Frostpunk 2: Exploring Political Influences and Human Nature Through Storytelling

“We moved the second game to thirty years later because we wanted to tell a story about growing ambitions,” Juszczyk tells me. “We wanted to create a white sheet of paper. We survived the storm in [the first] Frostpunk, so now what?” ‘Now what’ is the key question, giving 11 bit room to tell a story that’s bigger than just surviving the elements.

How is it doing that exactly? By zooming out. Instead of focusing on placing individual buildings, Frostpunk 2 has you building entire districts and even zooming in on outposts where you can make mini-settlements. “We didn’t shift the scale to make the game more badass, bigger, just for the sake of being bigger because it’s Frostpunk *2*.

We shifted the scale in order to tell a story about human nature,” Juszczyk reiterates. Instead of scraping the barrel for resources, Frostpunk 2 is about pushing your city in a direction that will allow it to sustain itself. No longer are you the Captain, a single person with the ability to make decisions for an entire city – now that you’re trying to move beyond just survival, they want to be included in the process too. “Your people want to be vocal,” Juszczyk says.

What’s cool about Frostpunk 2 is that citizens have split themselves into different factions, and the laws you pass will either garner their approval or upset them, making it harder for you to get them to cooperate with you in the future. Many of these factions were created with inspiration drawn from history. Juszczyk tells me that a lot of the people involved with the game have a background in humanities, and that he personally studied psychology and sociology, all of which feeds into the heavy political overtones of the game. All of them, for good or for bad, are based on configurations of real worldviews from back in the day.

Sometimes it feels exotic because there’s this Frostpunk amplifier – let’s turn the dial to 11 or 12. But the base is real, like the idea of believing only the strongest should survive,” he says. He’s talking about the pro-adaptation citizens, who want to build the strongest society possible. “They value keeping really close to tradition, being conservative in some areas.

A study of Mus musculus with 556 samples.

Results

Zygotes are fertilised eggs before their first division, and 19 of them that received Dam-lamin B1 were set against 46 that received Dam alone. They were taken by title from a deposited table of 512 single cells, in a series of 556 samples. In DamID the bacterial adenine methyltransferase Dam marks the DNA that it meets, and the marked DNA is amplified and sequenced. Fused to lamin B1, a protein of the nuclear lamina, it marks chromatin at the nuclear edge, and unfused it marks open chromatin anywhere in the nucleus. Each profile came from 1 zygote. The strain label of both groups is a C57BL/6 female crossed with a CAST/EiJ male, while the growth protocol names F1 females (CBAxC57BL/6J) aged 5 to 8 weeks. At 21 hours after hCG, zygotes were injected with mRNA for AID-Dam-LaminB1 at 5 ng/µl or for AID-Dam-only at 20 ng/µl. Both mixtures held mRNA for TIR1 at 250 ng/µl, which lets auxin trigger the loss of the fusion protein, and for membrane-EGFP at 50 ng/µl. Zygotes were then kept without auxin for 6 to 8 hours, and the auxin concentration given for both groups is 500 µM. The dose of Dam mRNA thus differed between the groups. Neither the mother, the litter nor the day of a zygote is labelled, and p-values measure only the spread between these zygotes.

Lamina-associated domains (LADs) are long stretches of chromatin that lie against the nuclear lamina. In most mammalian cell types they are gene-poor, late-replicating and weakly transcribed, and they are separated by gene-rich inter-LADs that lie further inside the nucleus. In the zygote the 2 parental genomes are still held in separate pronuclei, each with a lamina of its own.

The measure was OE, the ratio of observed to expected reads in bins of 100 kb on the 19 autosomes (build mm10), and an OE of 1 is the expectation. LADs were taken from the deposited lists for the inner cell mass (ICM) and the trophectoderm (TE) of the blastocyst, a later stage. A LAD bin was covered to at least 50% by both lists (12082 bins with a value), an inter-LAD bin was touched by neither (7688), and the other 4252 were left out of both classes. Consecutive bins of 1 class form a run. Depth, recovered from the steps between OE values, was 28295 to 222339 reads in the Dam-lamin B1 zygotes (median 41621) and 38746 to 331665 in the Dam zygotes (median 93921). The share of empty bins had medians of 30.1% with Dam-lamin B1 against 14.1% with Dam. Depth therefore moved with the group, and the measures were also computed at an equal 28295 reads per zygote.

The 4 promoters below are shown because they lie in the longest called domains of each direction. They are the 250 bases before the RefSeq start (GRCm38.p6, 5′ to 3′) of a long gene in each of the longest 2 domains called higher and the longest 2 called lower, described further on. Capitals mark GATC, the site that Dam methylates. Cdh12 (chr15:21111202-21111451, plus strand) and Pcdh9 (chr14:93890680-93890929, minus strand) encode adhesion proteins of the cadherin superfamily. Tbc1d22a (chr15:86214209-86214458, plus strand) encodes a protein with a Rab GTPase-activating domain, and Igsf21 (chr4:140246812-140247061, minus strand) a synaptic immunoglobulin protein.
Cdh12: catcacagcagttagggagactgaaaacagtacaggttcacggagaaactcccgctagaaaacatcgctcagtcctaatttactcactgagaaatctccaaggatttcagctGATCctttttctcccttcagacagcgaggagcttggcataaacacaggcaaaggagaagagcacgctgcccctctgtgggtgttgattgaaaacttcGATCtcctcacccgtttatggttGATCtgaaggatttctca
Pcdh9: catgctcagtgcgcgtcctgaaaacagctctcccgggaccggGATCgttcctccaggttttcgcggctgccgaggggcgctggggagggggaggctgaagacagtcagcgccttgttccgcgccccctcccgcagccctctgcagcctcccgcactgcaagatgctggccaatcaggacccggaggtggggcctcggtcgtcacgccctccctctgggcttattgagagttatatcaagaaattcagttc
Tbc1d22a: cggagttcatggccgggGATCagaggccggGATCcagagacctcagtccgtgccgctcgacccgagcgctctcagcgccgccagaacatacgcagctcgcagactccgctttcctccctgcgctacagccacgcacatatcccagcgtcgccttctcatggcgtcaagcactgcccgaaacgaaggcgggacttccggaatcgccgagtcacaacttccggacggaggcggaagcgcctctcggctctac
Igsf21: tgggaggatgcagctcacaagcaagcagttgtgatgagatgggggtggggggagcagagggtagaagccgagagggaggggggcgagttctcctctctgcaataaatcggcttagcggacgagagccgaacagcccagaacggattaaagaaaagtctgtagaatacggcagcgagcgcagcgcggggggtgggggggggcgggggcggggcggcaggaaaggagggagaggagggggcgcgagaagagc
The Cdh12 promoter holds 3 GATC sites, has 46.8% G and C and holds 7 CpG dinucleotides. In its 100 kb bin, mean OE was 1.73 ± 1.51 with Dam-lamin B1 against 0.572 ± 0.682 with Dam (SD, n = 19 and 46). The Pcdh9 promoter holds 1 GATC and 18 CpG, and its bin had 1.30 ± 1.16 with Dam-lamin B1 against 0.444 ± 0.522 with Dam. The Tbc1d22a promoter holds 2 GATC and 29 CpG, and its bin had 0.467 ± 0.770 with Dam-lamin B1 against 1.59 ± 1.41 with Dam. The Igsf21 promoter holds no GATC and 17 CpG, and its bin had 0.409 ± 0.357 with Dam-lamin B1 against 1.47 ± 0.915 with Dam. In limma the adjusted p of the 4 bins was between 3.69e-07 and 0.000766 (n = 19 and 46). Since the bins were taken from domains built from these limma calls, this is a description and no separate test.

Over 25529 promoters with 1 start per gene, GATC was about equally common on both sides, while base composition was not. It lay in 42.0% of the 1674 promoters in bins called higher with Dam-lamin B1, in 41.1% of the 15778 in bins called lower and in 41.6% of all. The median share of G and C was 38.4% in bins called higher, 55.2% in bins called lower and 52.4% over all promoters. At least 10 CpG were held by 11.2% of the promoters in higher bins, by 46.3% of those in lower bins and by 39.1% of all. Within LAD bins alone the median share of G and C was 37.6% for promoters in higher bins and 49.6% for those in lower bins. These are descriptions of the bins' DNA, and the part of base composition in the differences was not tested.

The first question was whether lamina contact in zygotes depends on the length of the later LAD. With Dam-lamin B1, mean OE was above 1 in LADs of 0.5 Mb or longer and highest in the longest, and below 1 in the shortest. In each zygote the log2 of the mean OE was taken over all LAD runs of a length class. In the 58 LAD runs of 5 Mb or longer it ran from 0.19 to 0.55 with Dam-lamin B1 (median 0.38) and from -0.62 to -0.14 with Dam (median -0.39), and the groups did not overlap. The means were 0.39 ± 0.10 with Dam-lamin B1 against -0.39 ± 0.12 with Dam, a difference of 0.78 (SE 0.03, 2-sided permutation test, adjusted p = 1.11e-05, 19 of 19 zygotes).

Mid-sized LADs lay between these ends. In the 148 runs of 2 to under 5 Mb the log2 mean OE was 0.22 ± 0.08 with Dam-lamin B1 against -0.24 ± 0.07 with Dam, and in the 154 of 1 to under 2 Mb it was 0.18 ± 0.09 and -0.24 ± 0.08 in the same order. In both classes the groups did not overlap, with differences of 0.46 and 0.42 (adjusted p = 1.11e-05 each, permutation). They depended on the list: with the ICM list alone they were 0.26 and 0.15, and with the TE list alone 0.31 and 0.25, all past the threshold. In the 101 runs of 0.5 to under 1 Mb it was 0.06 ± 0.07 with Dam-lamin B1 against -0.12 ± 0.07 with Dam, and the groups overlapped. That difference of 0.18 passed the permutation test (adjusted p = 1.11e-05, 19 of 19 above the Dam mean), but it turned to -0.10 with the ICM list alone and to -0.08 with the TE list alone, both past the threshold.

“I was curious to know how he personally played Frostpunk 2. Juszczyk laughed and said, “I suck.” Like me, he tries to balance the approval of every faction – “I’m trying to be a good guy, trying to be like, okay kids, get along, don’t fight, and sh*t always hits the fan, and I’m trying *really hard*” – but he also enjoys a “wild post-apocalyptic playthrough” where he sides with Icebloods, the extremist faction of the Foragers. Because it has a much longer main story that’s split into chapters, Frostpunk 2 gives you a lot of room to figure out what kind of leader you’re going to be. The prologue and first chapter took me four hours to complete, and that was after I switched to easy difficulty after failing the prologue a couple of times.

Instead of the many shorter scenarios of the first game, the main scenario is much longer and broken up into several chapters. As of right now, there aren’t any other scenarios, but Juszczyk doesn’t rule out that more will be added post-launch. And yes, there will be a Survivor mode. This is one of the more interesting aspects of Frostpunk 2 and its predecessor – the games never force moral choices on you, and you can play as a leader as authoritarian or even fascist as you like.

Juszczyk nods vigorously as I express how intrigued I am that the game never punishes or rewards you for doing the ‘right’ thing, nor does it really *have* a right option to choose. Instead, its morality is entirely created within the players’ mind. I found myself flinching from making choices that I deemed evil, despite knowing that it would be a more efficient choice. Like Juszczyk, when I’m not intentionally playing as an evil dictator, I want to be a good guy.

But I’m looking forward to trying both approaches when the game releases on July 26.